Screening means looking for a health problem before you have symptoms. During screening for colorectal cancer, your healthcare provider may ask about your health history, examine you, or do testing.
Types of Colon Screening
Fecal occult blood test (FOBT) or fecal immunochemical test (FIT)
These tests check for blood in stool that you can’t see (hidden or occult blood). Hidden blood may be a sign of colon polyps or cancer. A small sample of stool is tested for blood in a laboratory. Most often, you collect this sample at home using a kit your healthcare provider gives you. Follow the instructions carefully for using this kit. You might need to not eat certain foods and not take certain medicines before the test, as directed.
Stool DNA test
This test looks for DNA changes in cells in the stool. These DNA changes might be signs of cancer. It also looks for hidden blood in stool. For this test, you collect an entire bowel movement. This is done using a special container put in the toilet. The sample is then sent to a lab for testing.
Barium enema with contrast (double-contrast barium enema)
This test uses X-rays to create images of the entire colon and rectum. The day before this test, you will need to do a bowel prep to clean out the colon and rectum. A bowel prep is a liquid diet plus strong laxatives or enemas. You will be awake for the test, but you may be given medicine to help you relax. At the start of the test, a healthcare provider who specializes in imaging tests (radiologist) places a soft tube into the rectum. The tube is used to fill the colon with a contrast liquid (barium) and air. This can be uncomfortable for some people. The liquid helps the colon show up clearly on the X-rays. Because the test uses X-rays, it exposes you to a small amount of radiation.
This test can be used to find and remove polyps anywhere in the colon or rectum. The day before the test, you will do a bowel prep. This is a liquid diet plus a strong laxative solution or an enema. The bowel prep will cleanse your colon. You will be given instructions for this. Just before the test, you are given a medicine to make you sleepy. Then, a long, flexible, lighted tube called a colonoscope is gently inserted into the rectum and guided through the entire colon. Images of the colon are viewed on a video screen. Any polyps that are found are removed and sent to a lab for testing. If a polyp can’t be removed, a sample of tissue is taken and the polyp might be removed later during surgery. You will need to bring someone with you to drive you home after this test. Colonoscopy is the only screening test that lets your healthcare provider see the entire colon and rectum. This test also lets your healthcare provider remove any pieces of tissue that need to be looked at by a lab. If something suspicious is found using any other tests, you will likely need a colonoscopy.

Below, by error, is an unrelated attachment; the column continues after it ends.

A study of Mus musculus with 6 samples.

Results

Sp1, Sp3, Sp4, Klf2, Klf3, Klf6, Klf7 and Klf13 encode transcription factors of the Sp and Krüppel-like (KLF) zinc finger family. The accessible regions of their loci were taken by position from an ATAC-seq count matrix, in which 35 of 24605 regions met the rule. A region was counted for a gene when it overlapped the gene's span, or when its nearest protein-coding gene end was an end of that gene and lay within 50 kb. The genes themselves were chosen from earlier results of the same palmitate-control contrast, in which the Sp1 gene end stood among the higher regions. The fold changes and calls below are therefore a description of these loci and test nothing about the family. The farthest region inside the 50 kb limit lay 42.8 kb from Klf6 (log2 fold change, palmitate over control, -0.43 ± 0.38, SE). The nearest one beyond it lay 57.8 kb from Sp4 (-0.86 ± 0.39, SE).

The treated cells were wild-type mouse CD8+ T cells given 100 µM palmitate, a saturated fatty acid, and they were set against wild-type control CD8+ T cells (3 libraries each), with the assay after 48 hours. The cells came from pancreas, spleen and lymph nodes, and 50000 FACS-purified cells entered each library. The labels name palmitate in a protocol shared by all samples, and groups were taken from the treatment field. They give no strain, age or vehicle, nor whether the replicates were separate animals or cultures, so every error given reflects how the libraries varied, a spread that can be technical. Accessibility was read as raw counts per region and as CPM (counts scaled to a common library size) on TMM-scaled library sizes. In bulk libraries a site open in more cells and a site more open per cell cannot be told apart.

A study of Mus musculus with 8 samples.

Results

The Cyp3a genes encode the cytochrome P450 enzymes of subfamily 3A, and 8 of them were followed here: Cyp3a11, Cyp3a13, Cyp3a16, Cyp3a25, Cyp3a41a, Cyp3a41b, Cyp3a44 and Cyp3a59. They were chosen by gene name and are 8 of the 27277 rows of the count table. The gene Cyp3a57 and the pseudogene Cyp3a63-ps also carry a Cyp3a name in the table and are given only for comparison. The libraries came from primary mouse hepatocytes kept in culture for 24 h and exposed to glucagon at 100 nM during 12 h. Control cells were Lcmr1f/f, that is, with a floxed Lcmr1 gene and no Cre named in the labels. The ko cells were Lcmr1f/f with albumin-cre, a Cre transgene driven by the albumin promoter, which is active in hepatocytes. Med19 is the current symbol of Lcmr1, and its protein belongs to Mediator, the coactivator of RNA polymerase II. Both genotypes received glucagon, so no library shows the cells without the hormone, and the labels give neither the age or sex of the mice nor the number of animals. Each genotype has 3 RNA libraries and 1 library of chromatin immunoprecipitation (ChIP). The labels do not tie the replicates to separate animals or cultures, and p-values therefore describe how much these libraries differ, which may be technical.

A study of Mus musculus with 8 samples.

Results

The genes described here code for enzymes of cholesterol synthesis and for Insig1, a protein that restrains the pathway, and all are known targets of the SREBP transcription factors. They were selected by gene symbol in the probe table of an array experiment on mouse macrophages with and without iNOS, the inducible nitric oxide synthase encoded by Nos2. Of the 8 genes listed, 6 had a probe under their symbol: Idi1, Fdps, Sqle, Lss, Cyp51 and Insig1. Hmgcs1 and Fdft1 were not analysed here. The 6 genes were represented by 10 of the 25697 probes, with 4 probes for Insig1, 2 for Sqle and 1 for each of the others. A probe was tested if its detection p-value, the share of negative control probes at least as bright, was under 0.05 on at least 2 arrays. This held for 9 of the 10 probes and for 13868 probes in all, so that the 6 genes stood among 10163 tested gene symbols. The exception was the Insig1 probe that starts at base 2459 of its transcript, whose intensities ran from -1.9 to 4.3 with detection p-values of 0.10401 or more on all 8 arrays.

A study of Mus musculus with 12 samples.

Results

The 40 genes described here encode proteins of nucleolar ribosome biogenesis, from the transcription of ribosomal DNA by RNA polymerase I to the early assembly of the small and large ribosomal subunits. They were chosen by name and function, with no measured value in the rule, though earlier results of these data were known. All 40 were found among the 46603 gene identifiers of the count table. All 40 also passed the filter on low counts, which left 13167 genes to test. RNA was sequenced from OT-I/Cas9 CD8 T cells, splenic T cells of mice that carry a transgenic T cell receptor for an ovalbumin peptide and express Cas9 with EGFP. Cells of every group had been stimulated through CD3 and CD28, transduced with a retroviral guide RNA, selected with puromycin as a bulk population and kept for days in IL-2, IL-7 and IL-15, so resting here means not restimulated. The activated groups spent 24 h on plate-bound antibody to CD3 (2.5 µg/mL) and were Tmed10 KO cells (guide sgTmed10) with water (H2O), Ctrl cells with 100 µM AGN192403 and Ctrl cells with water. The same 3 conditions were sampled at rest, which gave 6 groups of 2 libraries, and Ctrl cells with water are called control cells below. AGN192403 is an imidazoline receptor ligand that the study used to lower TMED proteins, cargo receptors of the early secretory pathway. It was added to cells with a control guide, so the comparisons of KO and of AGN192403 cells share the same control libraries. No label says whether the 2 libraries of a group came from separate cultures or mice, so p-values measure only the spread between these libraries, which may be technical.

This exam is also called a CT colonography. It uses a series of X-ray photographs to create a 3-D view of the colon and rectum. The day before the test, you will need to do a bowel prep to clean out your colon. Your healthcare provider will give you instructions on how to do this. During the procedure, you will lie on a table that is part of a special X-ray machine called a CT scanner. A small tube will be placed into your rectum to fill the colon and rectum with air. This can be uncomfortable for some people. Then, the table will move into the machine and pictures will be taken of your colon and rectum. A computer will combine these photos to create a 3-D picture. Because the test uses X-rays, it exposes you to a small amount of radiation.
This test is similar to colonoscopy, but focuses only on the sigmoid colon and rectum. As with colonoscopy, bowel prep must be done the day before this test. It might not need to be as complete as the bowel prep for a colonoscopy. You are awake during the procedure, but you may be given medicine to help you relax. During the test, the healthcare provider guides a thin, flexible, lighted tube called a sigmoidoscope through your rectum and lower colon. The images are displayed on a video screen. Polyps are removed, if possible, and sent to a lab for testing.